Emotion: The Tipping Point To A Great Set
Every stand-up comedian wants to have the perfect set
So what constitutes a perfect set?
While the definition of “the perfect set” can be a bit vague, the general rule comedy experts follow is four to six laughs per minute with 20-30 “jokes” (punchlines) throughout. This is relative to a five-minute set and takes writing, practice, and any other preparations.
Personally, I find that logic to be a bit limiting. All comics are different; not only do they vary in topics discussed, but the style in which they perform. Not everyone is going to exemplify the classic “set up, punchline” style this formula follows. Some of us are storytellers, anecdotal, etc.
In my time as a stand-up comedian, one thing has proven to be the deciding factor for having an impactful set versus just another set: emotion.
Emotion makes you perform differently.
I’ve been in comedy for about five years and there is a clear difference from how I perform now compared to the years prior.
I’m by no means a comedy expert, but I can assess my own performance which was considerably reserved for my taste. In fact, I hated how I came off because it didn’t match my normal personality at all. I was somewhat robotic, low energy, and it looked like I was being careful. Now, I’m considerably high energy, much more intense, and willing to risk a lot more with performance.
The change happened when I started becoming more aware of the emotion I felt in the joke. In the first years of comedy, there were really only a few instances where I really committed to the emotion, not knowing I had done that.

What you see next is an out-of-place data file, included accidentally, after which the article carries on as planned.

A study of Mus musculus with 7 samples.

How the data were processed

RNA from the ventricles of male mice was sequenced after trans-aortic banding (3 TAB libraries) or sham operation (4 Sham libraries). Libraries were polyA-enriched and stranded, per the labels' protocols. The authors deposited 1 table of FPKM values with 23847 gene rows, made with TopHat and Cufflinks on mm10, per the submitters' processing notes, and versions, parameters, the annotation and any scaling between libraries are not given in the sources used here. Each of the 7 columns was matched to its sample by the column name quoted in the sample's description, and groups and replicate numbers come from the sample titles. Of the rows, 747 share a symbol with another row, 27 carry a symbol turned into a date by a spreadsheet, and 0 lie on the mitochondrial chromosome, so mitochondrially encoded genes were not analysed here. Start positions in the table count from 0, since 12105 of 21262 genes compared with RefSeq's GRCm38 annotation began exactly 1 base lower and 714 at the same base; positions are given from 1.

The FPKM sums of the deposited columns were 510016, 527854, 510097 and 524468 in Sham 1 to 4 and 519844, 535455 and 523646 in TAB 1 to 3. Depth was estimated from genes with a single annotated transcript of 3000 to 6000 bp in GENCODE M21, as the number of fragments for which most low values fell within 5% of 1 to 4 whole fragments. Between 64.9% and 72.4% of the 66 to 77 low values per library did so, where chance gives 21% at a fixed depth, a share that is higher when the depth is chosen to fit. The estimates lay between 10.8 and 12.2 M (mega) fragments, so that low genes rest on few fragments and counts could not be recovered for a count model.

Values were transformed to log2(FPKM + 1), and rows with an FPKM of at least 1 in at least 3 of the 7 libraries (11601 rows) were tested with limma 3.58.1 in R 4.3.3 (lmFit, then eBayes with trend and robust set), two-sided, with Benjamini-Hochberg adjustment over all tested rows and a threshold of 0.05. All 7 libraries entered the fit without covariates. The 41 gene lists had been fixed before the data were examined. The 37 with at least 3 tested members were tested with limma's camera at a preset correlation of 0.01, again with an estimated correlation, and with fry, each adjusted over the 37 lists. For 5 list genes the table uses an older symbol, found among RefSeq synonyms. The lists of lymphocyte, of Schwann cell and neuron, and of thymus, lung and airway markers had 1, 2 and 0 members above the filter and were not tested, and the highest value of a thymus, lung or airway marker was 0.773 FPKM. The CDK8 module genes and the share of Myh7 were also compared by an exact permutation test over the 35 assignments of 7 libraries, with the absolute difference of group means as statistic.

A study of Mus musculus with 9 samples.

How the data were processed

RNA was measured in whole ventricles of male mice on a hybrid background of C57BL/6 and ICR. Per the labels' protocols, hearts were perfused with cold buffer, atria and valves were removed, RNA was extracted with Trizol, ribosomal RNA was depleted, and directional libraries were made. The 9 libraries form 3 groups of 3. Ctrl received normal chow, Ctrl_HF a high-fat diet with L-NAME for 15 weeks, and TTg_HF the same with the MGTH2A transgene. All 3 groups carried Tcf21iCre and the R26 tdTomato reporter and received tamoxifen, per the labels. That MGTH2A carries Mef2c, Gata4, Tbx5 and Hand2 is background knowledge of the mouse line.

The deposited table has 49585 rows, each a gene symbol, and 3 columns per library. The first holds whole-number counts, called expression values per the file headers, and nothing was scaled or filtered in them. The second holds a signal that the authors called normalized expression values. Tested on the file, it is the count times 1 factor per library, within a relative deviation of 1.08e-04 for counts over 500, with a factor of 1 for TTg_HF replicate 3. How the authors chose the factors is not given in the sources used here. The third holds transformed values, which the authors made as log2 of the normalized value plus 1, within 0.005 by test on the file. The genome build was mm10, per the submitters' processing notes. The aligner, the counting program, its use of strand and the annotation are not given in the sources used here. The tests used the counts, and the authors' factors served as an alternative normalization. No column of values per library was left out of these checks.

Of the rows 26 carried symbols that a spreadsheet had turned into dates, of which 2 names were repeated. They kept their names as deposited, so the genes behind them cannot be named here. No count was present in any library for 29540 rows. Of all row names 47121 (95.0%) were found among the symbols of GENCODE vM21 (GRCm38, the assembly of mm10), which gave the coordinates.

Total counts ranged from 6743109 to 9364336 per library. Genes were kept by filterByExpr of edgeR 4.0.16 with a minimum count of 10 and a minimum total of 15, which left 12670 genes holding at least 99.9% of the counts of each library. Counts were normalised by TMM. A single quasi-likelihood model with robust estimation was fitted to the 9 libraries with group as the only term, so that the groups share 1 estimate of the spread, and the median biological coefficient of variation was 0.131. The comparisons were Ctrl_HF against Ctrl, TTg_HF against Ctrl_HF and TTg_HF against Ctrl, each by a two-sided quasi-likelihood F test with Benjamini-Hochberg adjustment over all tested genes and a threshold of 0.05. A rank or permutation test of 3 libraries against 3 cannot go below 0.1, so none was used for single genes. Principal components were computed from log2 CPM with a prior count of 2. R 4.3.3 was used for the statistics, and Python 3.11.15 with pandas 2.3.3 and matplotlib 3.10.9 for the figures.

When I write a joke, my most common emotions felt are rage, confusion, frustration, arrogance, and occasionally pain. To be happy with my set, I really have to immerse myself into the emotional side of it before going up on stage. For a bit that covers breakups, I had to tap into the pain I felt, for a bad sexual experience, it was all about confusion and frustration. The list goes on.
Those jokes may have been written a while ago, but there is a definite difference in how they were performed then versus now. What I thought was “killing” on stage previously really was just me not tapping into the honest emotion and settling.
Emotion connects you to the audience.
When it boils down to it, you’re performing for the audience. Whether it’s ten, eighty, or two hundred people, the audience needs to feel connected to you and emotion bridges that gap.
For a bit to go well, it’s not necessarily about the story being true, it’s about you believing in it so much that the audience believes it too. This is where emotion comes into play. If you're feeling frustrated in the bit, you want the audience to feel that for you. Emotion allows you to better paint that picture of what happened, who you’re mad at, why you’re mad, etc. If you hate Tracey from accounting, then it’s your job to make them hate Tracey too.
When an audience feels a genuine emotion, they can connect to a bit more easily. Believe me, there have been dark bits I’ve done and it really was telling how audiences changed to accept a joke when it tapped into the emotion versus just saying it.
Are you tapping into the emotional side of your performance? It’s not easy to master (I still need to work on making it a skill), but it really will change how you perform and see yourself as a stand-up. Sometimes we don’t want to keep revisiting the emotion, and that’s understandable, but if you want to be a successful performer, that’s what it takes. Holding back emotionally is not an option.
Got questions or something to add? Comment below and tell us your thoughts!